Over the last week, caught two movies that are playing in the Bay Area and a few other places around the country.
Coffee and Cigarettes is a trifle hardly worth reviewing, a compilation of shorts centered around the act of drinking coffee and smoking cigarettes.,Considering how uninspired the initial forays were, what surprised me is how the film turns a corner once Cate Blanchett appears, and from that point on, the stories hit more than they miss. It’s a bit of self indulgent claptrap (“Look at me! I’m Jim Jarmusch! Directing my awesome friends! And you will see it!”), but at times entertaining. Ms. Blanchett is a high point, as is the ego battle between Alfred Molina and Steve Coogan. The most emotionally resonant clip might be the finale, “Champagne”, with a pair of old guys sitting out back, drinking coffee and hearing Mahler. Taylor Mead’s face is haunting in it’s decrepitude.
Oh, and since I’m not big into the new rock and roll, I’d never really got a good look at Jack and Meg White. Two things about Jack: 1. He’s a natural on film. He’ll be cast in many movies in his future, methinks. Real good screen presence. 2. He’s much, much prettier than Meg.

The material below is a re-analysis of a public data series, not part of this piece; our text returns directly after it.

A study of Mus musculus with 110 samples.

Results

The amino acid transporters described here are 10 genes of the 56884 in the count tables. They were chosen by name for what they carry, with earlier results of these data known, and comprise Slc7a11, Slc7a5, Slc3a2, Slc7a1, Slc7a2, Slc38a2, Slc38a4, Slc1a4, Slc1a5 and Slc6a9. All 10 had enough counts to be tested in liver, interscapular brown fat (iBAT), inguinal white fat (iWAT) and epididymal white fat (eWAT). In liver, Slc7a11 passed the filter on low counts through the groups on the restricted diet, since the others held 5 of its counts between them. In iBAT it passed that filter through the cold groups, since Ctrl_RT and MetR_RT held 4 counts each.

The Saddest Music in the World is a deliriously odd piece of work. In 1933, a Winnipeg brewery baronness offers $25,000 (Canadian) to the country that can produce the eponymous item. This sets the stage for what is a fever dream of family, love triangles (well more like love-Stars-of-David what with all the connections), beer, melodrama, and some kick-ass titles design. It’s my first Guy Maddin film, and it’s safe to say I’ve never seen anything quite like it. It was a friend’s umpteenth Maddin film, and she reported that it’s much like all the others.
You’ve got to give it up to Maddin and his ability to not just envision this bizarre world, but to carry it through, pretty much without a hitch. Isabella Rosselini is, of course, gorgeous. Mark McKinney is surprisingly good (though he can’t *quite* keep it up through to the very end). And those vats of beer made me thirsty. Go if you want to see something you’ve never seen before — it won’t disappoint, and it might really draw you in.
(Side note: if this release listing is correct, New York really has fallen as a cineaste’s city. Such a shame.)